Clichés like “it will get better with time” are usually quite true, but rarely worth saying aloud when someone is crying or in the extra fresh stages of grief.

When my husband left, it wasn’t a clean break. It was an extended, complicated, emotional, professional and economic hurricane. I bring this up not to start a contest about whose divorce was worst, but to explain that my season of grief, confusion, and desperation was not tidy or short.

To put it bluntly, I was needy for a long time as I struggled to get financial, emotional, and spiritual stability.

Some people are naturally pretty skilled at engaging hurting people, but most of us, especially when confronted with a loss we haven’t personally experienced, feel fairly confused about what to say and do.


My dad died when I was a kid, so divorce wasn’t the first huge loss I had encountered, or the first time I had experienced people who didn’t know what to say to me about my life circumstances.

When I went through separation and divorce, some people were helpful and some people were not.

Even at the time, I envisioned writing some sort of instruction manual for friends wanting to help a grieving, wounded, heart-broken mom trying to unravel and recover from the end of a relationship. I never imagined I would actually have a place to share those thoughts.

Here, at Simple Mom, seems to be the right place; a community of caring, determined people, who seem to truly want to grow and improve their own life and the lives of those around them with both external and internal simplicity.

But living simply doesn’t just mean clutter-free kitchens or an un-rushed schedule for its own sake, right? We desire to live simply, in order to live authentically and be available for genuine relationships. And that means not ignoring the realities of grief and pain.

And so, at the risk of making generalizations, but with the hope of giving some guidance to those who truly desire to love a grieving single parent in their life, I give you this list of suggestions. It is my hope that because of these words, a few single moms and dads will get loved a little better by those around them.

Incomplete Guide to Caring for a Grieving Single Parent {}

1) Say this out loud directly to your friend:

“I really care about you. I know that you’re hurting but I don’t know what would be helpful right now. What do you need?”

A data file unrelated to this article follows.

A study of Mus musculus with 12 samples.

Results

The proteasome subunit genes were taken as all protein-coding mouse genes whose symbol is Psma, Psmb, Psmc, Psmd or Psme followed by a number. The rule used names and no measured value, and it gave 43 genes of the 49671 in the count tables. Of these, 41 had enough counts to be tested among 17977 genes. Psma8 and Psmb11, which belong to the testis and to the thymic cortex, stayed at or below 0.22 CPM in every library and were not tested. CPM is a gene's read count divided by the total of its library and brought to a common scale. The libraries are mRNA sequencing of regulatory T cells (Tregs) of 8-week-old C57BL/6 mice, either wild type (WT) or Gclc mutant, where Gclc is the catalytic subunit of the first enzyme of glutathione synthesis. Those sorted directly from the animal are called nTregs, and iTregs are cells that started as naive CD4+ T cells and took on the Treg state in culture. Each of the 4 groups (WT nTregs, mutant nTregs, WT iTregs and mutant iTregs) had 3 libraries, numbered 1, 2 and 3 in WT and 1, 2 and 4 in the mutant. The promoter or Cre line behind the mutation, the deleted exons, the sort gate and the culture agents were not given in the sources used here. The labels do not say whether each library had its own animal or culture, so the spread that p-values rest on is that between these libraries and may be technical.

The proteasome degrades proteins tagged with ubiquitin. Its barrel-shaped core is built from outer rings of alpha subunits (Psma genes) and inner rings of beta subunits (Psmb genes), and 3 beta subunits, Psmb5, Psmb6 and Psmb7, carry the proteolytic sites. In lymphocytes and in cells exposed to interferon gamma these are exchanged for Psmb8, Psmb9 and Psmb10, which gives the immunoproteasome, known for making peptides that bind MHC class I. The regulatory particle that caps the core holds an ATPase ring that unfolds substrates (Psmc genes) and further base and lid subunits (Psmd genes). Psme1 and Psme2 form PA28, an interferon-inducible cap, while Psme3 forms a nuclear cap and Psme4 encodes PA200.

It is true that not every hurting person knows exactly what they need, and that’s okay. But many do know, and just need to be asked by a safe person.

I felt most loved when people acknowledged that I was in deep pain, that they wanted to do something, but they were also aware they didn’t know what would be helpful to me.

We all need different things when grieving. The differences in the children’s ages and life stages also come into play.

One woman may be an introvert and be desperate for some time away from her children to process. Another may crave some verbal processing. One parent may not want other people cooking for her, but would appreciate just doing an outdoor activity with another family for some variety.

If you ask, and they know a specific way they would feel loved, then great! If they don’t know or they are too overwhelmed in that moment, suggest that they think about it, and let them know they can contact you. Mention you’ll follow up to check in again if that’s okay with them.

If they don’t have a reply, then you have at least communicated your interest and availability to help and care for them. That opens up conversations and space for love to flow.

2) Do not offer to do something unless you’re going to do it.

Let me repeat that. Do not make a promise to do something, or make any offers, unless you are committed to follow through to the best of your ability.

Remember that you are dealing with a person who, no matter the specifics of her circumstances, has experienced some intense rejection and abandonment, to say the least. You can cause more pain if you offer to help just because you think it’s polite or you don’t know what else to say.

If you genuinely can’t babysit, or hang out, or whatever, that’s totally okay. Take a deep breath and be aware of your limitations and boundaries. And then be honest.

If you have your own life mess happening and you can’t be available to her, be honest about that as sensitively as you can, or simply don’t make any promises you know you can’t follow through on.

If you have no capacity to babysit or drop her off at the mechanic, that’s fine. Offer what you can, and if you can’t offer much… guess what. She probably understands since she feels like she has so little to offer, too!

3) Say positive things out loud, but be wary of clichés and assumptions.

There are things that are obvious to you that may or may not be obvious to the hurting parent in front of you. When appropriate, speak aloud, but tread gently. This may include but not be limited to:

• I think you are a great mother.

• I really don’t mind just being here with you, even if you don’t feel like talking.

• This experience will not define your life. But, you don’t need to be in a rush to feel “better.”

• I’m proud of you for all the energy you are investing in your child(ren) even in this tragic time.

• It hurts me to see you hurting and I really care about you.

• If you think of a way I can help you out, please don’t hesitate to let me know.

• It’s okay to need help. It’s okay that you can’t survive this season of life alone.

• I want to be here for you to process this if you want to, and even though I may not understand exactly what you’re going through, I just really care about you.

I know every single parent has very different circumstances, children, and personality, but I hope this is helpful for a few people who have desired to know how to engage with a fellow parent experiencing the end of a relationship.

What’s something helpful that someone else said or did for you when you were experiencing loss?